Sunbeams are a nice natural light show
Published 10:11 am Monday, January 15, 2024
By Steve Roark
I lucked into a beautiful light display recently when the early morning sun went behind a small cloud, resulting in rays of sunlight appearing to shoot out from the cloud’s edge in all directions. After decades of seeing sunbeams, I wondered what causes them, and my researched answer is immediate.
There are three main forms of crepuscular rays: rays of light that penetrate through holes in low clouds, beams of light diverging from behind a cloud, and rays that radiate from below the horizon. The latter rays are often red or yellow in appearance because the atmosphere acts as a giant lens that refracts low sunset rays into long curving paths that pass through a lot of atmosphere. This causes short-wavelength blue and green light to be filtered out more than longer-wavelength yellow and red.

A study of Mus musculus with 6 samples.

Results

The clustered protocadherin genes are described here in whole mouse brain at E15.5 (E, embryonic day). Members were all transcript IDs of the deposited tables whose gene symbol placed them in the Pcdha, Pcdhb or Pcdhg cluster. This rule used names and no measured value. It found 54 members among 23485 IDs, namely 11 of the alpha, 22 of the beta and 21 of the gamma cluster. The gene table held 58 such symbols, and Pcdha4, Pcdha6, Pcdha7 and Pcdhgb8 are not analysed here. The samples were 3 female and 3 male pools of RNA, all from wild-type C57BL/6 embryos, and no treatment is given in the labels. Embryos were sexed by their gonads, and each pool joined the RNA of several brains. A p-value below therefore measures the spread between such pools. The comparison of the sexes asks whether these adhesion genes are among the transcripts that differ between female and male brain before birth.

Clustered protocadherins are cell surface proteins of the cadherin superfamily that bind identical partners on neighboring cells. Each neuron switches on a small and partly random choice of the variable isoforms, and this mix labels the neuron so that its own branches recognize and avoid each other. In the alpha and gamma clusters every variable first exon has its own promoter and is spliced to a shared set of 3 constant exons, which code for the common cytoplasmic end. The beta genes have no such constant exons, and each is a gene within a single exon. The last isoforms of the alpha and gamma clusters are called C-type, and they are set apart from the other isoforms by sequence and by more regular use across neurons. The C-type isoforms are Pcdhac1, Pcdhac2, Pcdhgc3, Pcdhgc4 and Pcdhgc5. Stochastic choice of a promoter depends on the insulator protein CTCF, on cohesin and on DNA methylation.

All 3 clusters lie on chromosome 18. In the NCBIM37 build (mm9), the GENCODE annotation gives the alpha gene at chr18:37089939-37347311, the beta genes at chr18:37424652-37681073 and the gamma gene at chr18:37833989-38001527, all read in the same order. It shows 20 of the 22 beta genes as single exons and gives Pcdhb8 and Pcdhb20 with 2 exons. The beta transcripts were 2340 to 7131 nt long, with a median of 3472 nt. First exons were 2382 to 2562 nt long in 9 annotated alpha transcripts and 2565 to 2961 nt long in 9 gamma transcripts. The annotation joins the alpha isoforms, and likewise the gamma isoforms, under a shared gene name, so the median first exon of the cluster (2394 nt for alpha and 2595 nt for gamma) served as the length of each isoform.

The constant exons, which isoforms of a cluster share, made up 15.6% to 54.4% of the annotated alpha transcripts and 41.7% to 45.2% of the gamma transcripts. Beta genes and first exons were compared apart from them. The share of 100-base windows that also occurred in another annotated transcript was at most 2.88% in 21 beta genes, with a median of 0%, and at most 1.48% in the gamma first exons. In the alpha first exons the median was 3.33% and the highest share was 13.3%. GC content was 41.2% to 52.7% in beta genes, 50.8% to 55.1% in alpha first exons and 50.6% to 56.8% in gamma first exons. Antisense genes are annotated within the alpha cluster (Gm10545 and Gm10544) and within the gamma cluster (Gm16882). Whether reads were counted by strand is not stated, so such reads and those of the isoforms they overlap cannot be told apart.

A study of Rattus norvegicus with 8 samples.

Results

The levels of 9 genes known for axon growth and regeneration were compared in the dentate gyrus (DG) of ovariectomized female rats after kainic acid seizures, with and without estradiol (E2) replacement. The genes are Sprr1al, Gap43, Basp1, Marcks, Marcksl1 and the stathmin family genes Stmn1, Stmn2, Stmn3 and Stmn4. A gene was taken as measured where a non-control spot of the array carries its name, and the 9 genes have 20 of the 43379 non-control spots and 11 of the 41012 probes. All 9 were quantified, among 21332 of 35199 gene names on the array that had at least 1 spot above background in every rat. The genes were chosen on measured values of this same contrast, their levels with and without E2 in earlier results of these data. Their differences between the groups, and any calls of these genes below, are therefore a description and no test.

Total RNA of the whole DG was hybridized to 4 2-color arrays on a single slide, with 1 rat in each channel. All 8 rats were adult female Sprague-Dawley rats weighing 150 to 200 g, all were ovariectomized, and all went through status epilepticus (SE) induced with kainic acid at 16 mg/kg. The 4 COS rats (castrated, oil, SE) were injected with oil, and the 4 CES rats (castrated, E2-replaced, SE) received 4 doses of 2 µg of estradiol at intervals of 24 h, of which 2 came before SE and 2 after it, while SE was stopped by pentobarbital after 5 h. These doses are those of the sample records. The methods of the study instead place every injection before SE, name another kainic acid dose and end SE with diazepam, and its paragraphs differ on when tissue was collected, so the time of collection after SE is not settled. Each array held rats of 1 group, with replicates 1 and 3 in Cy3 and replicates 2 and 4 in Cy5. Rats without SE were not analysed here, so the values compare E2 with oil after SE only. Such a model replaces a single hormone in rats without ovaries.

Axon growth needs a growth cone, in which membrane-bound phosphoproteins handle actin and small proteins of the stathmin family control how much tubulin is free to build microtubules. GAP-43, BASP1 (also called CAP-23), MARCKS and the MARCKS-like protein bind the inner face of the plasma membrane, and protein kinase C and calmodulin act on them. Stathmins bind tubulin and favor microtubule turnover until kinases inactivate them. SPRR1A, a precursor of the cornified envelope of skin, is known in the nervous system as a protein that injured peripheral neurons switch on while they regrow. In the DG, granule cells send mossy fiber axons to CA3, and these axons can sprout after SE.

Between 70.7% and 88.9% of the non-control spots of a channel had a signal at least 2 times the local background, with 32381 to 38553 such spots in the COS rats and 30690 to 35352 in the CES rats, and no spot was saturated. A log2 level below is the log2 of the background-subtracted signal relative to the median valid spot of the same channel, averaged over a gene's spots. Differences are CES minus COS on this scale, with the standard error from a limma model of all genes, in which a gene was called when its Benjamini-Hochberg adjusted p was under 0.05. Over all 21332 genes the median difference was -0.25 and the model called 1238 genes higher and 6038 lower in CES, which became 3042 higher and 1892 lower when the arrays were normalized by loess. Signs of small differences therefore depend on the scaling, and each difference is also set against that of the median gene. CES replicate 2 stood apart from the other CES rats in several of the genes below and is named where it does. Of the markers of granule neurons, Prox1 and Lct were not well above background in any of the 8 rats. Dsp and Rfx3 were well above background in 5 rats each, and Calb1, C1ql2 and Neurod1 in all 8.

Many names have been given to sunbeams. There are profound names like God’s Rays or The Fingers of God. They have been referred to as a visible indication of “the sun drawing water,” which I guess is technically correct since the sun does cause evaporation. Another name is “Jacob’s ladder”, a reference to the story in Genesis of Jacob and his vision of a ladder going up to heaven. A native of Hawaii would call sunbeams “ropes of Maui”, from a folktale of Maui Potiki (a mythical hero) restraining the sun with ropes to make the days longer. Whatever their name or cause, sunbeams are beautiful to observe, so if you see them driving to work some morning, pull over and enjoy them.
Steve Roark is a volunteer at Cumberland Gap National Historical Park in east Tennessee.